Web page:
To undertake a film adaptation of one of America’s most celebrated literary works is a ballsy move, made all the ballsier when a first-time director is running the show. The stakes can be high; chances for success typically low. More often than not, the movie fails under the heft of its source material, and the audience files out of the theater thinking the story was better left alone.
That’s the case with American Pastoral, Ewan McGregor’s realization of the Pulitzer-winning masterpiece by Philip Roth. While McGregor’s debut hews closely enough to the novel -- Roth’s magnum opus, to many -- the story proves less powerful as a paraphrase.
American Pastoral is in many ways a small story: The All-American pride of Newark, Seymour “The Swede” Levov, lives in the country and runs his father’s glove company. He’s married to a beauty queen and raising a child with his boundless love. The perfect life.
Until his daughter becomes an angsty militant teen and decides to blow up a post office in their rural town, killing a man.
In the book, Roth’s infinite nuances elevate this “small” story into something more expansive. The dissolution of the Swede’s idyllic life becomes something more transcendent against the backdrop of Vietnam and Nixon and the political turmoil of the late sixties. In the movie, we only ever scratch the surface.
Roth’s themes are present -- family, guilt, war -- but they feel superficial and cramped in the two-hour runtime. The film gathers strength in the contemporary parallels, as we see how far (or not) we’ve come in 50 years. Yet the portrayal of civil unrest and good intentions gone bad overshadow the “small” storyline. We lose the human touch Roth so easily bestows on his characters. The exhaustive character study of American Pastoral the book withers to a basic genre piece in American Pastoral the movie.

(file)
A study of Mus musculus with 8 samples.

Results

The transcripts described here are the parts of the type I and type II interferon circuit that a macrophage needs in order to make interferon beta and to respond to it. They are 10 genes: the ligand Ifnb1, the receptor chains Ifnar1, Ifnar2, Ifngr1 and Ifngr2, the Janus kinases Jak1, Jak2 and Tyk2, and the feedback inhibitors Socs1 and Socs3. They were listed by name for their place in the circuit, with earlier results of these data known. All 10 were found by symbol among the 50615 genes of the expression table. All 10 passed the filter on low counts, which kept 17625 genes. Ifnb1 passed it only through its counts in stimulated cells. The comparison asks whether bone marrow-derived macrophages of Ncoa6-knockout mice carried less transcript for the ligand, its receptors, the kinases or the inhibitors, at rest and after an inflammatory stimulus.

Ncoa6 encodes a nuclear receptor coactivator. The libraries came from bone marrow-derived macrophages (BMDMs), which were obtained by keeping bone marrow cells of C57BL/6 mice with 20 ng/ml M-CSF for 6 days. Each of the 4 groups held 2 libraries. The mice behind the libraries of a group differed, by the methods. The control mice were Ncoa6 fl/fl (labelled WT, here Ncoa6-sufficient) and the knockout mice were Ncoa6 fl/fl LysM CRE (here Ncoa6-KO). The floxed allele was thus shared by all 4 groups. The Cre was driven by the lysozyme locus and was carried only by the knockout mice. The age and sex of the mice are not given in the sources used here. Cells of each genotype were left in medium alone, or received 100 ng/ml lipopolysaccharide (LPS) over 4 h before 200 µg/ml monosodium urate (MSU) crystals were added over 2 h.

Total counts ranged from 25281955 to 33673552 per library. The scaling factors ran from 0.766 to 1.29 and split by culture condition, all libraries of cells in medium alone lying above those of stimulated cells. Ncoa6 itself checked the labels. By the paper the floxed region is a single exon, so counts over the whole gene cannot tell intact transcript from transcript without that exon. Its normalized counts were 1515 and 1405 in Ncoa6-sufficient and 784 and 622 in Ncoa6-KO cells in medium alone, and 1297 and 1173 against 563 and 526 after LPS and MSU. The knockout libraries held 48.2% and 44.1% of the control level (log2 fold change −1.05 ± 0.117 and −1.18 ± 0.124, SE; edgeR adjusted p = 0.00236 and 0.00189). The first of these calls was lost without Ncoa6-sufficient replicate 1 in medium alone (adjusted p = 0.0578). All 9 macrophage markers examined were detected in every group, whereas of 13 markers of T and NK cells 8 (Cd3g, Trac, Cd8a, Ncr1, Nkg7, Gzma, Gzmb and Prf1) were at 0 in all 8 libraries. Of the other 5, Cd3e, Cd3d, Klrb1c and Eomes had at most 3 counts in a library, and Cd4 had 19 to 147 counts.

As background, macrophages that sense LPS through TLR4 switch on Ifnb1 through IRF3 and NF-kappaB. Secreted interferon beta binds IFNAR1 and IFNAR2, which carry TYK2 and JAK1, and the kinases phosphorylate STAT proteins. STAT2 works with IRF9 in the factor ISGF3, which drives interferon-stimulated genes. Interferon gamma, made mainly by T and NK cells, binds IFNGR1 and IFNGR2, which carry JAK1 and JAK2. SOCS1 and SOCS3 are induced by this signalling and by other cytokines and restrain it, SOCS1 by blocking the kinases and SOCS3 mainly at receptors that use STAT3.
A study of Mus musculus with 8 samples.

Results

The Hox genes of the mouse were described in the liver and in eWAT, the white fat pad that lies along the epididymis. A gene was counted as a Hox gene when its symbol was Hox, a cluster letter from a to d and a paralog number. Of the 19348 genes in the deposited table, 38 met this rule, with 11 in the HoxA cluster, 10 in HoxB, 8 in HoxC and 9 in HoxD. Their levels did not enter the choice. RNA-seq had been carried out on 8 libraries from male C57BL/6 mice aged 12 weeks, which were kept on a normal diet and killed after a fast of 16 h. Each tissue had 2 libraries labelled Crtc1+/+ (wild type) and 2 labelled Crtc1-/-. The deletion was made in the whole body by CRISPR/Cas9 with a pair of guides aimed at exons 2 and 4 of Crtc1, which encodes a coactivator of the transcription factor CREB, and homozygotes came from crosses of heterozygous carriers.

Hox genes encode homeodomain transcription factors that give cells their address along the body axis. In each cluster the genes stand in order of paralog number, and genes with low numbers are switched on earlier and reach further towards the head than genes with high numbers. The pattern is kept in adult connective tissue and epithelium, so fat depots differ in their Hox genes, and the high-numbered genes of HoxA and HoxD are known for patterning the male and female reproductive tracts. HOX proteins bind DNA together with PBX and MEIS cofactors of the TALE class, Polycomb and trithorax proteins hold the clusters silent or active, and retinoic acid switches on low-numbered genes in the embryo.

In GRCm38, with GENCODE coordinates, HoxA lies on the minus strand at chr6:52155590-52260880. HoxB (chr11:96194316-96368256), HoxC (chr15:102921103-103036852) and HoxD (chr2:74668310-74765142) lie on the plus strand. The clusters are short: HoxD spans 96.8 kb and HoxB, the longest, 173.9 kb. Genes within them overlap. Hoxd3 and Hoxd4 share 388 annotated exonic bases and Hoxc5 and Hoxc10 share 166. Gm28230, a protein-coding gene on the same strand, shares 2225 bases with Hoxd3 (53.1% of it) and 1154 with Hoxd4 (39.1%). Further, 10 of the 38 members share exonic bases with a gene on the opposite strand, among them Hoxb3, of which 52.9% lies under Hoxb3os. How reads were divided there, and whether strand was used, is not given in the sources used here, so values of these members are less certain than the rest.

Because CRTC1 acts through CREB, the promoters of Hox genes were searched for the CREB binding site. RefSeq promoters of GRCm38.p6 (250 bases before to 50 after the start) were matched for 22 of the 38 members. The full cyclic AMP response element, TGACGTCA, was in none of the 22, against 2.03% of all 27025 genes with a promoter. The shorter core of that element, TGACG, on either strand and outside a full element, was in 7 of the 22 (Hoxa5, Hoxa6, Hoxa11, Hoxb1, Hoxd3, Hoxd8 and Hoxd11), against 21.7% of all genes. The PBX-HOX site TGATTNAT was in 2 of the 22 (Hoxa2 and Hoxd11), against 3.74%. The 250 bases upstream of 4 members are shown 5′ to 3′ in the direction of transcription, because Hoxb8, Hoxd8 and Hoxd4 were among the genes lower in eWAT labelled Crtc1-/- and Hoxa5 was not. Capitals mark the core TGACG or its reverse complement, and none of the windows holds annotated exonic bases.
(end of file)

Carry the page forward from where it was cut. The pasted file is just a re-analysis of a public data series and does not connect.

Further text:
As with any adaptation, every omission is a measured choice. With the inclusion of the book’s framing narrative, McGregor and screenwriter John Romano aim for faithfulness. Yet, they inexplicably abandon said faithfulness with subsequent plot changes and a different ending.
McGregor and Romano burn a bunch of clock and manage to leave some of the book’s subtler but extremely important plot points -- the therapist’s significance, for example -- unexplored. It’s a 400-page book, so some scenes are bound for the cutting room floor. But it’s in choosing what to leave out that makes or breaks an adaption.
McGregor earns points for trying. As if an adaptation of this caliber weren’t hard enough for a director, McGregor does double duty playing The Swede. But he bit off more than he could chew in his first outing. The movie is not quite the abject failure it’s been made out to be, but it’s nothing to write home about either. Save the two hours and the ticket price. Stay home and crack open the book instead.
American Pastoral opens in theater tonight, Friday, October 21.